Where will America fight the next war?
Farid Erkizia Bakht
Two years ago, ex-president Jimmy Carter said this about his own country: “We are the most warlike nation in the history of the world.” He maintained that in the 242 years of existence (until 2019) of the US republic, only 16 were marked by peace. Truly damning.
The then-president Donald Trump had telephoned 94-year-old Carter the day before to discuss his worries about the growing power of China.
Carter, in a speech to a church congregation, rhetorically asked: “Since 1979, do you know how many times China has been at war with anybody? None, and we have stayed at war.” He went on to explain that while China had methodically and patiently gone about building its economic strength, America had frittered its wealth and leadership on fruitless, forever wars.
Even Carter’s record is not unblemished. He had allowed his national security adviser, Zbigniew Brzezinski, to destablilize Afghanistan to invite a Soviet invasion and thus justify support for Mujahideen forces. As president, he had also begun the nuclear build-up, which Reagan took over and made an attempted hostage rescue operation in Iran. However, in his term of office, peace reigned.
The later 1700s and entire 1800s saw the genocide of indigenous peoples across the continental land mass, but also wars with Mexico, China, the Philippines, along with the “internal” civil war of the 1860s.
The early 1900s saw invasions of Central America, mopping up operations in Beijing, the occupation of Haiti, the Dominican Republic. America entered World War I despatching its armies to Europe. Its troops ploughed deep into Russia in the Civil War of 1918-20 against Lenin’s communists. Then there was World War II, during which and after it directed the right-wing nationalist forces in China against the communist revolutionaries until 1949.
The Korean War followed in 1950, Lebanon later that decade. It attempted an invasion of Cuba after Castro had toppled the nasty dictatorship of Batista. The 60s were known for Vietnam, Laos, and Cambodia, till the mid 1970s.
Around all these were coups and destabilization campaigns against foreign governments.
I am sure you can find “gap years” or “sabbaticals,” depending on your definition. You might search for “good wars” against “bad wars.”
Do you smell gangrene?
We have learned that the war (defense) companies have made a financial killing in these wars. They seem to be a part of a nexus of companies, contractors (mercenaries), corrupt politicians, and former military officers reaping enormous wealth. How is it that the Afghan army did not get paid properly when $2 trillion were expended on war in their country?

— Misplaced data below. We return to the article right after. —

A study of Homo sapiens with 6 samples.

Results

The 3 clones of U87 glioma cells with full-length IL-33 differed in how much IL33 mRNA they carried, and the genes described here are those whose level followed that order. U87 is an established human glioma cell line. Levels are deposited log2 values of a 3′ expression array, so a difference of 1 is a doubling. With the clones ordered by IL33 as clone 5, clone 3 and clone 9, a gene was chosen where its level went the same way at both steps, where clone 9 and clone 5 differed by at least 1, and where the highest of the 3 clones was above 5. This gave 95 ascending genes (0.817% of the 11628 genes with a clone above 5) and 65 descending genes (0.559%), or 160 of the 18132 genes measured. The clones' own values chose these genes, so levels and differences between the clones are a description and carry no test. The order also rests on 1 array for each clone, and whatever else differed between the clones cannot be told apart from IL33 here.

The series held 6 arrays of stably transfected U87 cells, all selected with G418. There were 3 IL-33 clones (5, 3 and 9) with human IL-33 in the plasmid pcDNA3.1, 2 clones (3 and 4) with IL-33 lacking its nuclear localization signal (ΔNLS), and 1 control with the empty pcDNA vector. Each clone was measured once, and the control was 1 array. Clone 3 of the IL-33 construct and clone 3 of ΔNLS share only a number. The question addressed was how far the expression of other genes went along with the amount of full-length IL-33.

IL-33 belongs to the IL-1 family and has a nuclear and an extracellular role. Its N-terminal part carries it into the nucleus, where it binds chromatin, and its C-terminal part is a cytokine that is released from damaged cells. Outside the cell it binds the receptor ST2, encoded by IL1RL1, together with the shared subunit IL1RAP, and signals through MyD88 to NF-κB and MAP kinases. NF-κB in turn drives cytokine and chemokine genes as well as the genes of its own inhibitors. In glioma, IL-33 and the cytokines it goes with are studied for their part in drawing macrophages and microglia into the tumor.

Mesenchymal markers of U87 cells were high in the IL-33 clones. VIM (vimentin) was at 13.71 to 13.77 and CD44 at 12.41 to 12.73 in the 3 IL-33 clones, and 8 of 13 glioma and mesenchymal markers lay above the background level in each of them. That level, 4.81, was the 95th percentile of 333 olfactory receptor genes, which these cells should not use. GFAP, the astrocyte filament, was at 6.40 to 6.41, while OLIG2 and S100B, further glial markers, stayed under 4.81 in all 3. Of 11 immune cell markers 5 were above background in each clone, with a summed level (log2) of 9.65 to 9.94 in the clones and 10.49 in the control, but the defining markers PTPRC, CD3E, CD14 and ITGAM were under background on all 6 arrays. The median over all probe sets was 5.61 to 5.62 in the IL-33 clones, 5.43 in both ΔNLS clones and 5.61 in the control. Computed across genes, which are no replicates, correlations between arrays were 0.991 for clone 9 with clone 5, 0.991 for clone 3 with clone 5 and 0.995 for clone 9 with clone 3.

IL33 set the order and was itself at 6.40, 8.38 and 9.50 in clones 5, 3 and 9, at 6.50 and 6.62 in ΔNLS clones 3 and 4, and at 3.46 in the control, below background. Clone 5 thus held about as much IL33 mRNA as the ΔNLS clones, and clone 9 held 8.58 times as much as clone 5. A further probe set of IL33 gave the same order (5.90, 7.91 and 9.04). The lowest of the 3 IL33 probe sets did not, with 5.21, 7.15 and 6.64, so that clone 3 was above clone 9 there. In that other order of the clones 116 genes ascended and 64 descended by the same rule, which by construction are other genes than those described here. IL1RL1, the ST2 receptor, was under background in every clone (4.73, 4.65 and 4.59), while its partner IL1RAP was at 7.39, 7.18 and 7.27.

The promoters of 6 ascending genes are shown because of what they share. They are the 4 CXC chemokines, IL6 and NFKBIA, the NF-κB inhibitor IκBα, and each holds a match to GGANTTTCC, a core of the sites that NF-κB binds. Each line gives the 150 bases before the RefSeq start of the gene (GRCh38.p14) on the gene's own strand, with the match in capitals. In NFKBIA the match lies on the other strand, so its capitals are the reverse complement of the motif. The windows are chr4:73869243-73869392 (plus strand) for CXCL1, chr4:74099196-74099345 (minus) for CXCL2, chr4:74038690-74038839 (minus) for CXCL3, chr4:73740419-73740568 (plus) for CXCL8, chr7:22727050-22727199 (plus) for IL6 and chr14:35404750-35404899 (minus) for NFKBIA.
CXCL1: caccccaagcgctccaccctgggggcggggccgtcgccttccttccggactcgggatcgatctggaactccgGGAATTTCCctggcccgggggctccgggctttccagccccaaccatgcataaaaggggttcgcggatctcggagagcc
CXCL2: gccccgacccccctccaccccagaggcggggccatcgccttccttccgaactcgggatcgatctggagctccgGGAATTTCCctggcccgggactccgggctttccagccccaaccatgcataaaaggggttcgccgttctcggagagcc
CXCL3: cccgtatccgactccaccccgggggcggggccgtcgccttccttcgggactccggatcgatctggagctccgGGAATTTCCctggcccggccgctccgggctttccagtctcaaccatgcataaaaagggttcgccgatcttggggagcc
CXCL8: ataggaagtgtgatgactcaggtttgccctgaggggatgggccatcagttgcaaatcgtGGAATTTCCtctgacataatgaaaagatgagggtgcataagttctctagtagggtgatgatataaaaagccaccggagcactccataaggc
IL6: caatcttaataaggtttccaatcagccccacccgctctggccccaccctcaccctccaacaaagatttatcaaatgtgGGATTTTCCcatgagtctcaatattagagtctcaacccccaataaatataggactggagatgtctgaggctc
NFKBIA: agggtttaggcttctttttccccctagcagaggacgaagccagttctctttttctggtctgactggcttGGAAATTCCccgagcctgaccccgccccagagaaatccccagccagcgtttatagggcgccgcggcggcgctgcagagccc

This smells like imperial decline where the national interest is subsumed by the greed of a select few.
It still spends $750 billion every year on war (it calls it defense). China spends $250 billion, which works out at one-twelfth, in terms of per person.
Fleeing the northwest frontiers of the British Raj, it is surely casting its eye on the south east of the old empire. Myanmar is a key crossroads, tempting to tweak the Dragon in near Yunnan by supporting ethnic armies such as the Karen.
Thailand and Laos are seen as way too close to China as well. Losing the drug harvests of Afghanistan might mean a revamping of the Golden Triangle in Southeast Asia, a return to the late 1960s and 1970s.
Latin America, especially oil-rich Venezuela, is never far from sight. A Ukraine-Russian didn’t take off earlier this year but you never know the next time.
The big one is the Taiwan Straits, carrying ultra high risks but where the US Navies will feel “it is their turn to shine.”
The US public is unlikely to stomach mass aerial bombardment, nor a ground invasion. Naval operations are a plausible path to follow, commencing with interdiction of trade flows.
The Horn of Africa could be worth a watch: A vulnerable zone of armed instability from Ethiopia to Yemen, downstream from the Suez Canal.
There already seems to be a haphazard attempt to patch together a “northern alliance” in the Panjshir Valley. A by-product would be throwing sand in the gears of the proposed Chinese BRI extension, where Afghanistan would become the crossroads of Eurasian trade, not empires.
How about Xinjiang? Here is where the Taliban promise China not to allow terror attacks from Afghanistan.
Nato (ie Pentagon) policy was, and remains, the containment and collapse of China and Russia. Afghanistan is thus a cataclysmic defeat. America has been humbled and ejected from the heartland of Asia. It will try to get back in, there and elsewhere. Don’t ask if or why. Ask when and where.